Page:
The church partnered with the Baltimore County Health Department to host the event on June 26.
The tournament was held on Feb. 20.
On Sunday, seven teams from four Adventist schools converged on Spenceville Adventist Academy (Md.) for the Mid Atlantic Adventist Robotics League FIRST LEGO League Qualifying Tournament.
Four teams from Chesapeake Conference schools participated in the all-day competition: the “Hobbots” from Frederick (Md.) Adventist Academy (FAA) and “Delivery Co.,” “YES,” and “One Wheel Wonders” from Spencerville Adventist Academy (SAA).
Robots designed and programmed by each team earned points by completing tasks during three 2.5 minute matches. Winners were selected for robot design, robot performance, innovation project, and core values.
Teams from South Lancaster Academy (Mass.) and Tranquility Adventist School (Andover, N.J.) also participated.
“FIRST LEGO League robotics competitions provide excellent opportunities for young people to work collaboratively to solve authentic, real-world problems,” says Kimberly Terry, SAA Elementary STEM coordinator. “We are fortunate to have the Adventist Robotics League, which affords our Adventist young people the chance to participate on Sundays, whereas many other competitions occur on Saturdays.”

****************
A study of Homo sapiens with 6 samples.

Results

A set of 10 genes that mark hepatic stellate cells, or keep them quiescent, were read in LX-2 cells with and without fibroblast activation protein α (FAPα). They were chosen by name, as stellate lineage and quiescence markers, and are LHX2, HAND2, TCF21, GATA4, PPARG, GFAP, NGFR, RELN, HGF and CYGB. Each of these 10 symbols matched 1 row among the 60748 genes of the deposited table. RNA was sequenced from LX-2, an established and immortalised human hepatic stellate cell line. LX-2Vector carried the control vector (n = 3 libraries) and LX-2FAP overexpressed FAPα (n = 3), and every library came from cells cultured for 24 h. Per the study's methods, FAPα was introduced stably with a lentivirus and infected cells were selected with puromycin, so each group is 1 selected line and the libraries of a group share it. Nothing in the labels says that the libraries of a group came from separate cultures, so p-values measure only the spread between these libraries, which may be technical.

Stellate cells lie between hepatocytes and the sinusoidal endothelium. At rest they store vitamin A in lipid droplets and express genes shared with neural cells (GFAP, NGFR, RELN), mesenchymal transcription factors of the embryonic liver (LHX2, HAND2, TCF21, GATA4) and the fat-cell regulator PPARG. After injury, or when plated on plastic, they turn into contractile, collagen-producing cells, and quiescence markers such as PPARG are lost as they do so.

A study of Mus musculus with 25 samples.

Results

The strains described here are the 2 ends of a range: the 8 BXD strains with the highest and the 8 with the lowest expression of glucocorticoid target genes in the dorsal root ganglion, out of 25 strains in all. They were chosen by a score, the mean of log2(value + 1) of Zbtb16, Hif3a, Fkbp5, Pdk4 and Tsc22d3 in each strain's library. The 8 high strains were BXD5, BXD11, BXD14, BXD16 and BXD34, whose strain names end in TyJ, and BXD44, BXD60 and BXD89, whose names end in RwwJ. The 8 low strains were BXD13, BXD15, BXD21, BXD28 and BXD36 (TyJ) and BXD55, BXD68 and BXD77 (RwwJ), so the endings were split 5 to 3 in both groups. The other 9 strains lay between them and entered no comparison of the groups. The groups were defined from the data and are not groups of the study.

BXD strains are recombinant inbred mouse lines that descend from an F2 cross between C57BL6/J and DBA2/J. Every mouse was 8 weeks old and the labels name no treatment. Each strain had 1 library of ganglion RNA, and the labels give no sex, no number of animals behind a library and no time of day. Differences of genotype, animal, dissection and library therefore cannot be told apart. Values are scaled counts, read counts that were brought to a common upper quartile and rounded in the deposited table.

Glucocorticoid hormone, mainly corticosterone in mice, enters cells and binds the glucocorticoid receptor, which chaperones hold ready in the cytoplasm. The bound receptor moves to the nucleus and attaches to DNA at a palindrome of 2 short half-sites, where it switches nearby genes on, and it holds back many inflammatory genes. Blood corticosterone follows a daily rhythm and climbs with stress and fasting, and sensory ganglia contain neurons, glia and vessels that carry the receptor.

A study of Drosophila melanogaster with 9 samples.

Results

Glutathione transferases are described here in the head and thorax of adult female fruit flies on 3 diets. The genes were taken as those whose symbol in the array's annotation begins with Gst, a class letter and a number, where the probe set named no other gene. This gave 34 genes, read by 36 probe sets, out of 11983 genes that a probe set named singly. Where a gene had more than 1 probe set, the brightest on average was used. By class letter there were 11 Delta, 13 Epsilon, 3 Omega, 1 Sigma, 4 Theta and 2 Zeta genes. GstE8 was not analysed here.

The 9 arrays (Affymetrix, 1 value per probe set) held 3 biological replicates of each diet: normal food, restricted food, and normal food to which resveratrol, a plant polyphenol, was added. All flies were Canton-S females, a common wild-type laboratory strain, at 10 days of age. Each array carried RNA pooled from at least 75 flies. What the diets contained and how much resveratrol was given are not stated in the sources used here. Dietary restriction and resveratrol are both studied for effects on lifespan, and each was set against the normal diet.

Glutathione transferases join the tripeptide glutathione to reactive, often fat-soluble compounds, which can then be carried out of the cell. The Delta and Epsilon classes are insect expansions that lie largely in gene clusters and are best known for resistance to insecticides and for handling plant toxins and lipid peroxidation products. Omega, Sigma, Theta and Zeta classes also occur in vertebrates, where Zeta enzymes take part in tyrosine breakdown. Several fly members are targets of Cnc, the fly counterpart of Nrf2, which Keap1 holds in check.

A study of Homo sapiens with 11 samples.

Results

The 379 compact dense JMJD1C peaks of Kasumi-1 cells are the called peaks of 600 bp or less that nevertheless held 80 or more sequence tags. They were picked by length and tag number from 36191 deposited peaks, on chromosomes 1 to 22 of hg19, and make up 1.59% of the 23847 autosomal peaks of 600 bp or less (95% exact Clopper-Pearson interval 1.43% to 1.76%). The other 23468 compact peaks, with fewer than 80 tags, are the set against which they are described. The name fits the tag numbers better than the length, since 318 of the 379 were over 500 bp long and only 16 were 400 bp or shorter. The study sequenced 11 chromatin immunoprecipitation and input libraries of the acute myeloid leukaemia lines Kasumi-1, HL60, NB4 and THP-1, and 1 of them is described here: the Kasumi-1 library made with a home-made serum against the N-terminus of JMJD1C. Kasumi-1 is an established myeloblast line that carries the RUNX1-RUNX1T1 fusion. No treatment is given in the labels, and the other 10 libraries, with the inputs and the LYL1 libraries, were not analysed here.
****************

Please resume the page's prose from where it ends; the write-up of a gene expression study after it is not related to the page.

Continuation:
Students were excited to participate in the event and showcase their team’s programming and problem-solving skills.
“The most exciting part was working together and seeing the improvements during the competition,” says Colton Nichols of FAA’s “Hobbots” team.
Lance Jordache, captain of SAA’s “One Wheel Wonders” team, enjoyed confronting challenges with his teammates. “Working with robots is fun, especially working through the coding of the missions. It’s better to have more people rather than having to work alone.”
Teams that qualified during Sunday’s tournament were invited to participate in the Adventist Robotics FIRST LEGO League Championship on May 1 in Orlando, Fla.
“It was great that students from different schools could gather together when we have been separated for so long,” says Jake Villanueva, FAA teacher. “It was great to see our schools valuing STEM and the students having fun.”